The Optimist dinghy, designed in the United States of America, spread via Scandinavia to become arguably the largest sailing class in the world.
The boat owes its popularity to low price, stability simplicity and good sailing qualities. It is recognised as one of the best boats for introducing children to sailing with its easily handled simple spritsail rig.
American Clark Mills, who died in December 2001, was the original designer of the Optimist. In 1947 he responded to the request from the local Optimist businessmen’s club to design a marine equivalent of soap-box derby cars. Twenty six boats were built in the first year, mostly by Clark himself, and, even before building started in Europe in 1954, there were almost 1,500 Optimists in the U.S.A.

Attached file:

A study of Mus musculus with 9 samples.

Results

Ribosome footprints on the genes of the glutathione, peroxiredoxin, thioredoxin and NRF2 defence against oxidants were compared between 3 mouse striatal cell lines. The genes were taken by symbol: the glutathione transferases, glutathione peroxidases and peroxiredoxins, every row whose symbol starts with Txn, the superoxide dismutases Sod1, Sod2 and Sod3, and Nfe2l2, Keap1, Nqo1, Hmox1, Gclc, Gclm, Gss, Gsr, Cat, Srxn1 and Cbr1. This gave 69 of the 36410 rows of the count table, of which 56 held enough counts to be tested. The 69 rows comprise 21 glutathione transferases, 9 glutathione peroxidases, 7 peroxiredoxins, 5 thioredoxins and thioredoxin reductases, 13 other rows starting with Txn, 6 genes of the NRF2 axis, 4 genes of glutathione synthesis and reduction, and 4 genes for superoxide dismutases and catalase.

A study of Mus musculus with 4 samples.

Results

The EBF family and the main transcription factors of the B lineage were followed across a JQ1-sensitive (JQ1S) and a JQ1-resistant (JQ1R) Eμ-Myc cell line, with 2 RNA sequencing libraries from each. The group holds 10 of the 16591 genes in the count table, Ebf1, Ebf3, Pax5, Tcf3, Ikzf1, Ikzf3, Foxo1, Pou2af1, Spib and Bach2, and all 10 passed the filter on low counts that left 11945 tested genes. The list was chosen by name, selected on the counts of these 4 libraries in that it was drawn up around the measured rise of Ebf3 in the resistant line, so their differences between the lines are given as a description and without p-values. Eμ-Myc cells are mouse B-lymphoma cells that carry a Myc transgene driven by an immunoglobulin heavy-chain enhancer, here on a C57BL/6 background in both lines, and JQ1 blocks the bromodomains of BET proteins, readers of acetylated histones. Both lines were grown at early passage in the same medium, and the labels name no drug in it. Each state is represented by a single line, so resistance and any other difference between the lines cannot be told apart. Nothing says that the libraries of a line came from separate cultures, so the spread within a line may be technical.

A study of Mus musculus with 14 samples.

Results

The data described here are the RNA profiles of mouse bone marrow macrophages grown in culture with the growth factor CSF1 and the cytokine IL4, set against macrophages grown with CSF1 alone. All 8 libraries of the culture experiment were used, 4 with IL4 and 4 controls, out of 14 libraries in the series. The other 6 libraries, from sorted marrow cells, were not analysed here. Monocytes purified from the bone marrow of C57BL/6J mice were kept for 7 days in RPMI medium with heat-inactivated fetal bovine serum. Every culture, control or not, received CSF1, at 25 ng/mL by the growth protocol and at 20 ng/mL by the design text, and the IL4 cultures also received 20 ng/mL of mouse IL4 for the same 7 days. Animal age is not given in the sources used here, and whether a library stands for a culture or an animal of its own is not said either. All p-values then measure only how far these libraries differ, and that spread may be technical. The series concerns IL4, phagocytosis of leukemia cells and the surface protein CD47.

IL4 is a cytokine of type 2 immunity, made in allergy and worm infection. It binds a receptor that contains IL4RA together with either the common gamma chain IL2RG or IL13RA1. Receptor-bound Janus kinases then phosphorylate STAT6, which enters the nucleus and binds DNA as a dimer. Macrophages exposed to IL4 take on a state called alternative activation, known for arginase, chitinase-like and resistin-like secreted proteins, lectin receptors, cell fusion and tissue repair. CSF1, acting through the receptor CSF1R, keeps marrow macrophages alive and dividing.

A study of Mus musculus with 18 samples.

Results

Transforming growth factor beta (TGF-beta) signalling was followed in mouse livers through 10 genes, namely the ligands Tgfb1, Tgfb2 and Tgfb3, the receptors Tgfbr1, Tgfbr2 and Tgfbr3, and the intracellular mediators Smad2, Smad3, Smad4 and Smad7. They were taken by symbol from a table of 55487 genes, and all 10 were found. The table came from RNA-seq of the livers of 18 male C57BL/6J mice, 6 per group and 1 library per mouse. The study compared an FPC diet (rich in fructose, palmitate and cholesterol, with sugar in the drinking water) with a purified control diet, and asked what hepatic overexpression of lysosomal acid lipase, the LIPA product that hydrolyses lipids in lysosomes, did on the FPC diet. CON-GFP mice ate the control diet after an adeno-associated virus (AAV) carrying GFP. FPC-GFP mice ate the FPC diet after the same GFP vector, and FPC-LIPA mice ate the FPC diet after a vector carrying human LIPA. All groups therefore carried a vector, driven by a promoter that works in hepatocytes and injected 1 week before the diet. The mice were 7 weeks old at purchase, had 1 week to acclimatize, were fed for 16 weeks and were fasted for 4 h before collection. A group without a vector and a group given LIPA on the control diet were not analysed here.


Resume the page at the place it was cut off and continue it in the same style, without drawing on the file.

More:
In 1956 Axel Olsen, the designer of the OK dinghy, introduced the Optimist into Europe. The boat started a revolution in sailing, making the sport available to very young sailors for the first time.
By 1960 Nigel Ringrose had formed a company in Britain, Optimist Boats, helping to make the boat one of the most common dinghies in the world. It was in the UK that the class began to boom in popularity and where the seeds of its international distribution were sown. The first version of the class rules was drafted here and the first international championship was held at Bursledon near Southampton in 1962.
In 1973 the class received International status and I 1986 it was adopted by the Royal Yachting Association as their introductory single-hander for training and racing.
Perhaps the Optimist’s most famous junior sailor was Olympic record holder Ben Ainslie. In his words: Dinghy sailing started for me when, as a ten year old, I woke up one Christmas morning to find an Optimist dinghy beside my bed. The rest of course is history.
The Museum’s boat, number 25, was built c.1960 and would have cost about £30 to buy in kit form.